Elmer Ladd built the little pink house at the end of our road just in time for their wedding on New Year’s Eve 1953. The pre-cut Aladdin home caught Elmer’s eye when he first saw the catalog. Eileen picked the color and the two of them knew from the day they moved in that they would always live there, close to his work at the train station. Every day after the 12:05 had left, Elmer came home to eat lunch with Eileen. At precisely 12:50 he put his cap back on and left to greet the 1:05 southbound Express. Every afternoon when their daughters returned from school, Elmer was home again to spend a few minutes with them before returning to the station for the next train.
After Elmer retired from the railroad, he and Eileen spent all their time together at home, caring for the little pink house and the small garden. For the first few years he would still listen for the trains, but eventually he learned to ignore them. Ten years after his retirement the trains stopped running through our town and weeds grew quickly between the abandoned tracks.
One day a stray dog wandered into their yard, an off-white spaniel mix with brown spots scattered over her back. Eileen thought the dog looked like a large mushroom when she first noticed her through the kitchen window. They called her Mushroom, and she quickly filled the void they had both felt in their life.
With Mushroom two paces ahead, behind or to the side, Elmer did the rounds around town morning and afternoon. The sweet-tempered dog made friends along the way, and Elmer tipped his old uniform hat to passers-by and shopkeepers as they walked. He had found a purpose and a routine again, and he was thriving. He constantly talked with or about the dog, and called her his little girl.
Then the seizures began. The veterinarian was not able to control them with medication, and Eileen worried that Elmer wouldn’t be able to get the dog back home again if she were to have a seizure on one of their walks. They stayed closer to home and Elmer’s world got smaller again.
Mushroom, sweet and gentle as ever, seemed content to stay inside the house or in the yard. On warm summer afternoons she dozed under the white porch swing while Elmer and Eileen sipped lemonade in the shade. More and more often and without warning, the dog would suddenly start convulsing to the point of losing control of her bodily functions, and the helpless elderly couple would kneel beside her and quietly pray for each spell to end. After she came to, Mushroom would seem confused, docile and grateful to be near them. She would wag her tail quietly and put her muzzle in the nearest hand or lap and fall asleep.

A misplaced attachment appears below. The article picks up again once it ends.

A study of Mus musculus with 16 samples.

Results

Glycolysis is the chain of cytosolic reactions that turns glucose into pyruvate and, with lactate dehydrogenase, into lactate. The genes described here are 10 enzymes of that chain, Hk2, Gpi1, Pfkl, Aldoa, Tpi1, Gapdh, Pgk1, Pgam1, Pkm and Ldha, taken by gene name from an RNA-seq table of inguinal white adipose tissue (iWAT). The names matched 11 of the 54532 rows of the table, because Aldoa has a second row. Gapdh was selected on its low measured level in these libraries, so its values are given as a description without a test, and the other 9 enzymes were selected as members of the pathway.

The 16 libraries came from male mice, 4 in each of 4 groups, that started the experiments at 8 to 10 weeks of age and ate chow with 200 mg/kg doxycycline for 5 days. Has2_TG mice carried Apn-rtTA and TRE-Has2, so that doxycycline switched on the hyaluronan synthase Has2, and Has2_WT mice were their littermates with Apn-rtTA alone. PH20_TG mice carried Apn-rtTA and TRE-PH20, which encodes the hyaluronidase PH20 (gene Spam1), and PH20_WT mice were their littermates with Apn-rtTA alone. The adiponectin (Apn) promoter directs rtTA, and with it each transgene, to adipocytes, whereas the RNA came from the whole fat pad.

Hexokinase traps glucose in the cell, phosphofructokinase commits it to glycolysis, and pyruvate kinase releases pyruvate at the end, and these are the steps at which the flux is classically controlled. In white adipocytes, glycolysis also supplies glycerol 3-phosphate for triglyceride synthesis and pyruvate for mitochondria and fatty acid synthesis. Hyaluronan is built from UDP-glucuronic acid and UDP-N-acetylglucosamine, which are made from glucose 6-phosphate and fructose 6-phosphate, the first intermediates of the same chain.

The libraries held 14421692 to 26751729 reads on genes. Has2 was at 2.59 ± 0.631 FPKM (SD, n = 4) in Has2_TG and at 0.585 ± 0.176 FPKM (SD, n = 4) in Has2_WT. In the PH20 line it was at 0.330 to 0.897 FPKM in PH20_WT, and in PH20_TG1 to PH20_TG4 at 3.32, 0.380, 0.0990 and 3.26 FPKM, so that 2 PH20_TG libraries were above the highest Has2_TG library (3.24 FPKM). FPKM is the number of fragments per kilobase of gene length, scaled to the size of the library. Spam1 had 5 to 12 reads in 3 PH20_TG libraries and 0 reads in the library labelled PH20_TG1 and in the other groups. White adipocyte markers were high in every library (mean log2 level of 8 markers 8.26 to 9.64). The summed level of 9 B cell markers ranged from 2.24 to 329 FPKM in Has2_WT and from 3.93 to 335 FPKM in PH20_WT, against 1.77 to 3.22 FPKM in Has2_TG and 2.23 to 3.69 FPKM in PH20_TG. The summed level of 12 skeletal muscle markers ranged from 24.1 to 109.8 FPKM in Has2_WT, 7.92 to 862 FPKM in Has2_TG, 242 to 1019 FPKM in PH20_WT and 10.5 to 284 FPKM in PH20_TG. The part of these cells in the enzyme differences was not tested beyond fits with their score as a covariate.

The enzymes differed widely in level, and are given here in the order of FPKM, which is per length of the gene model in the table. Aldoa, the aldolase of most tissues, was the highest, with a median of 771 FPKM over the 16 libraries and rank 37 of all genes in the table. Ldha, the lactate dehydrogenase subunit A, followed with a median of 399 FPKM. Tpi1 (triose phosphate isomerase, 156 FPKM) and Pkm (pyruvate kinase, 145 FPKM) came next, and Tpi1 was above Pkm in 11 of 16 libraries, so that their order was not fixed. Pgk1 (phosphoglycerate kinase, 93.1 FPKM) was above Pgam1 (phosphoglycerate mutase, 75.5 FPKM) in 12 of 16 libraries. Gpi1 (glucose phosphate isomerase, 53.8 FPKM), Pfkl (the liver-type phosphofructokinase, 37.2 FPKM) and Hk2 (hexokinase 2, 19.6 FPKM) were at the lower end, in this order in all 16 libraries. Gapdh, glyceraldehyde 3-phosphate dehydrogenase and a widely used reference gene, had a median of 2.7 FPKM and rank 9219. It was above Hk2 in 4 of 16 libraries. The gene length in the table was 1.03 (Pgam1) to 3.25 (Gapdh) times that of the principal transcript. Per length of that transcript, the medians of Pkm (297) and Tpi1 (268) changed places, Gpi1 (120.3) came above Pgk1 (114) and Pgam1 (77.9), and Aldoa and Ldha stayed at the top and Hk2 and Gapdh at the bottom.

Summer turned into fall, and then winter. As the seizures worsened and came more often, Eileen broached the subject of putting Mushroom out of her misery.
“But does she suffer?” Elmer asked.
“I don’t know, but we mustn’t be selfish if there is any chance that she is”, Eileen replied.
“It’s not for us to play God. He gives life and only He can take life away from any of his creatures.” Elmer’s voice almost failed him as he spoke back to his wife.
Weeks passed, and the seizures grew in intensity. On a cold January morning, Mushroom collapsed at the end of the driveway and seized more violently than she had ever done before.
“Elmer, you’ve got to take her to the vet. You can’t let the poor dog suffer any longer.” Eileen sobbed: “Can’t you see it’s time?”
Without saying a word, Elmer put on his hat and jacket and trudged through the freshly fallen snow to the dog who lay quivering down the hill from the house.
He lifted Mushroom and walked slowly back up the hill. As he approached the car, Eileen ran out to open the back door for him.
His face was dusky, his breathing wheezy, and he moaned quietly as he leaned into the vehicle with Mushroom, whose limbs hung flaccidly as he coaxed her into the crowded back sat of the small sedan. The dog snored and exhaled loudly.
Silently, Elmer put his arms around Eileen. She sobbed. Then he opened the driver’s side door and sat down behind the wheel. Just as he turned the ignition, he took a deep breath as if he meant to say something. Then his head slowly nodded as his body fell, lifeless, over the steering wheel. The horn blared and the dog raised her head in the back seat.
Eileen reached in and tried to pull him away from the steering wheel. She managed to turn off the ignition and as she did, she knew her husband was gone. She acted quickly, but the ambulance crew pronounced the love of her life dead at the scene.
Mushroom came prancing down the street this afternoon, her spaniel tail and feathers waving in the warm breeze of what felt like the first day of spring. Ten paces behind came Eileen. The two of them make their rounds every day now the way Elmer and Mushroom used to. The new veterinarian in the next town seems to have found the right medication to control the dog’s seizures, and life somehow goes on for Elmer’s two girls.